Why we chose Robin Roe’s A List of Cages
Somehow, this book ended up on Dad’s to-be-read shelf. We picked it because it was readily available at the library and because we had previously talked about reading more YA together.
When Adam Blake lands the best elective ever in his senior year, serving as an aide to the school psychologist, he thinks he’s got it made. Sure, it means a lot of sitting around, which isn’t easy for a guy with ADHD, but he can’t complain, since he gets to spend the period texting all his friends. Then the doctor asks him to track down the troubled freshman who keeps dodging her, and Adam discovers that the boy is Julian—the foster brother he hasn’t seen in five years.
Adam is ecstatic to be reunited. At first, Julian seems like the boy he once knew. He’s still kindhearted. He still writes stories and loves picture books meant for little kids. But as they spend more time together, Adam realizes that Julian is keeping secrets, like where he hides during the middle of the day, and what’s really going on inside his house. Adam is determined to help him, but his involvement could cost both boys their lives…
Vague spoilers about the conclusion ahead.
What we liked best about A List of Cages is Adam and his friends – a bunch of good eggs. They reminded me more of my high school experience than most YA books I’ve read. I asked Dad if it was strange reading about a modern high school. Was it much different from his experience? He said not really – particular the cafeteria scenes felt familiar.
Adam and Julian narrate the story in alternating first person sections. Unlike other books we’ve read that take this approach, we found the voice of each character was well-distinguished from the other.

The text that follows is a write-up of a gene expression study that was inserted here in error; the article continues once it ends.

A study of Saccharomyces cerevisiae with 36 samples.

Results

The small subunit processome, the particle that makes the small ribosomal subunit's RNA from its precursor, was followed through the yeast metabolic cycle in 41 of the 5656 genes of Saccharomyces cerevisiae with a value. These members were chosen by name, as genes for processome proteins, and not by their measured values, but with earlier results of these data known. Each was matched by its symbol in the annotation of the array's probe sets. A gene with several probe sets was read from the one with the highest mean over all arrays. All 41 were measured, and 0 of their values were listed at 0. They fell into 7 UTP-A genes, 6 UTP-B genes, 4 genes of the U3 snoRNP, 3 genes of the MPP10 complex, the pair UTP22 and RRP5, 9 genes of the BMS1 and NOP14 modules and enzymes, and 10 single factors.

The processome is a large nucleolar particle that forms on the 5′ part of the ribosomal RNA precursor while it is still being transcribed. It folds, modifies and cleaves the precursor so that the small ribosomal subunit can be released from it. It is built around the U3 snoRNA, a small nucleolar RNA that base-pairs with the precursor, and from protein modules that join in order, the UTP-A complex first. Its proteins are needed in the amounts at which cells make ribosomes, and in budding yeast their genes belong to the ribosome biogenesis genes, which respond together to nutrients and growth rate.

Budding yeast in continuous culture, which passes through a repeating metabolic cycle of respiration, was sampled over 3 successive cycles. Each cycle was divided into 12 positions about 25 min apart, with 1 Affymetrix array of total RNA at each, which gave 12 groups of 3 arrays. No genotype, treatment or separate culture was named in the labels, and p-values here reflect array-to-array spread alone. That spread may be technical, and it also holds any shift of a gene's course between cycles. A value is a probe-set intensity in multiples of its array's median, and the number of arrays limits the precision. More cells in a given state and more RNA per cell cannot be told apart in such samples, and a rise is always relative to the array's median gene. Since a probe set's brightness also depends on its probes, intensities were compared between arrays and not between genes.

Reading about Julian’s experience was certainly heartbreaking at times – especially when we considered that there are real kids who are experiencing abuse like he does. I choked up at the parts where Julian tries to justify Russell’s behaviour, showing he doesn’t know how he’s been manipulated. Roe does an excellent job at showing how kids can come to feel like they deserve what their experiencing, how they can get trapped in an abusive situation.
The ending felt a little abrupt – suddenly, the story became very dramatic. There were tense and painful moments throughout the story, but the conclusion has a lot of fast action.
Dad has only read a couple YA novels in general and I had never read a book about a child abused by their guardian, so A List of Cages was a new reading experience for both of us. I wouldn’t have elected to read this book on my own – the subject matter is too sad – but the positive characters and support from friends that Julian receives makes it a good read. Have you read A List of Cages? What do you think about reading YA that tackles such real and painful subjects?